I noticed that IPv4 reserved and IPv6 reserved fe80::/10 for link-local addressing. While I saw IPv6 uses both fe80::/10 address and my private IPv6 address fd00::12 to communicate with other devices in Wireshark, I never seen 169.254/16 working in IPv4.

So, what is the purpose of link-local addressing?


3 Answers 3


I never seen 169.254/16 working in IPv4.

A PC automatically acquires a 169.254.x.x/16 address if it does not receive an IP address from a DHCP server. If you disable the DHCP server on your home or lab network and issue the "ipconfig/release" and "ipconfig/renew" commands, your PC will receive a 169.254.x.x address.

As per this article:

The purpose of these self-assigned link-local addresses is to facilitate communication with other hosts within the subnet even in the absence of external address configuration (via manual input or DHCP). Unlike in IPv6, implementation of IPv4 link-local addresses is recommended only in the absence of a normal, routable address. Hosts pseudo-randomly generate the last two octets of the address to mitigate address conflicts. Because of the broadcast nature of some local networking protocols (for example, Microsoft's NetBIOS), hosts may be able to detect one another even without any preexisting knowledge of the address scheme.

  • Are auto-assigned addresses totally usable as regular IPs?. Commented Jun 6, 2021 at 23:14

Link-local addresses are used for communication between two hosts (which are on the same link) when no other IP address is specified.

In simple words, at the time of booting up, the OS tries to configure an address on its interface through various methods like:

  • Manual configuration
  • DHCP (DHCPv4 or DHCPv6)
  • SLAAC (Stateless Autoconfiguration) -- Unique to IPv6

And if the OS isn't able to configure an address on the interface through any of the automatic methods, then it configures an address on the interface from the link-local pool.

  • -- Link-local address pool in IPv4 address space
  • fe80::/10 -- Link-local address pool in IPv6 address space

In IPv4, every interface usually has only a single address whereas in IPv6, multiple addresses on a single interface are the norm (like link-local, global addresses on an interface).

Because of the limitation of having one address per interface in IPv4, you may not have seen an address of range on an interface.


Link-Local addresses are required for the operation IPv6, but not for IPv4. Microsoft, among others, has developed the APIPA (Automatic Private IP Addressing) standard using IPv4 Link-Local addressing, but it is not mandatory or supported by all OSes. I also have seen people misuse IPv4 Link-Local addresses by manually assigning and subnetting them, and that is against RFC 3927, Dynamic Configuration of IPv4 Link-Local Addresses, which is a standard.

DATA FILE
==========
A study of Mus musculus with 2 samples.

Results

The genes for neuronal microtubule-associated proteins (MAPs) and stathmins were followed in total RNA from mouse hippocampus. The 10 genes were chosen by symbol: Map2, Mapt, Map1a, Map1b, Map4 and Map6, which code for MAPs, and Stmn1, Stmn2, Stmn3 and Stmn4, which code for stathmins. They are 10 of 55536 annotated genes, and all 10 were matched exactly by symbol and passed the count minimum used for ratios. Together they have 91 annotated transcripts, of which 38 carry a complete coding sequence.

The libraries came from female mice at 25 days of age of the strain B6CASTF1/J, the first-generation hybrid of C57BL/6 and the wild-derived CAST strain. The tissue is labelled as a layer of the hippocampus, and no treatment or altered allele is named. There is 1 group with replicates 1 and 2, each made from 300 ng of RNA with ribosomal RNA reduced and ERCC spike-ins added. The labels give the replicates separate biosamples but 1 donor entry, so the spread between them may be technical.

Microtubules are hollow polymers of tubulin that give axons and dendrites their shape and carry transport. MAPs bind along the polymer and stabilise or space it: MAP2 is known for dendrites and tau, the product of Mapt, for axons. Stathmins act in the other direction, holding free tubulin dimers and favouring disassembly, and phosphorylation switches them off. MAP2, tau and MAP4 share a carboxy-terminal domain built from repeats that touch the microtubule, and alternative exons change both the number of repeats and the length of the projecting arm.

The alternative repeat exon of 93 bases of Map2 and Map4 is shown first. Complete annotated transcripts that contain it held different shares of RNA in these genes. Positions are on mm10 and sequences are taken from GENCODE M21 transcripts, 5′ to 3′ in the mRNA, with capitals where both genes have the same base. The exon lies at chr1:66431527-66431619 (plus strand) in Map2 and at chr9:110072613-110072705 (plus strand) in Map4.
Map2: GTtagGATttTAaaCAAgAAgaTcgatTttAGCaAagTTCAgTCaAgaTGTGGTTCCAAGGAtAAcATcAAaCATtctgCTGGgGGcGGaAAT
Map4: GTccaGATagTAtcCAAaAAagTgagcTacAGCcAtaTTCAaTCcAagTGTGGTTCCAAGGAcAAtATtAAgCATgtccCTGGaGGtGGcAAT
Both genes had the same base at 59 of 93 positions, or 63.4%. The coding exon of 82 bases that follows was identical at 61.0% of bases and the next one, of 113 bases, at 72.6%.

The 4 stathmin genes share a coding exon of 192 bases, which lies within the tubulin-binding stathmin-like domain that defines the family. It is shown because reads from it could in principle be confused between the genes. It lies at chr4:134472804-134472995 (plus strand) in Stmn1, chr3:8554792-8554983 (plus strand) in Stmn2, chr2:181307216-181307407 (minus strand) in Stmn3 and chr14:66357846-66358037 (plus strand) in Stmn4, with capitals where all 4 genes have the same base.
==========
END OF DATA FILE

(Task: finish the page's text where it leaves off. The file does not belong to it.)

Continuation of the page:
Please read RFC 3927, Dynamic Configuration of IPv4 Link-Local Addresses:

  1. Introduction

As the Internet Protocol continues to grow in popularity, it becomes increasingly valuable to be able to use familiar IP tools such as FTP not only for global communication, but for local communication as well. For example, two people with laptop computers supporting IEEE 802.11 Wireless LANs [802.11] may meet and wish to exchange files. It is desirable for these people to be able to use IP application software without the inconvenience of having to manually configure static IP addresses or set up a DHCP server [RFC2131].

This document describes a method by which a host may automatically configure an interface with an IPv4 address in the 169.254/16 prefix that is valid for Link-Local communication on that interface. This is especially valuable in environments where no other configuration mechanism is available. The IPv4 prefix 169.254/16 is registered with the IANA for this purpose. Allocation of IPv6 Link-Local addresses is described in "IPv6 Stateless Address Autoconfiguration" [RFC2462].

Link-Local communication using IPv4 Link-Local addresses is only suitable for communication with other devices connected to the same physical (or logical) link. Link-Local communication using IPv4 Link-Local addresses is not suitable for communication with devices not directly connected to the same physical (or logical) link.

Microsoft Windows 98 (and later) and Mac OS 8.5 (and later) already support this capability. This document standardizes usage, prescribing rules for how IPv4 Link-Local addresses are to be treated by hosts and routers. In particular, it describes how routers are to behave when receiving packets with IPv4 Link-Local addresses in the source or destination address. With respect to hosts, it discusses claiming and defending addresses, maintaining Link-Local and routable IPv4 addresses on the same interface, and multi-homing issues.

When IPv6 was developed, many things were built into it that had been optional, add-on features of IPv4. Link-Local addressing was one of them. Every IPv6 interface is going to get a Link-Local address so that a device can at least communicate on the local link, and, as a built-in feature, many things, e.g. routing protocols, use it for communications on the local link.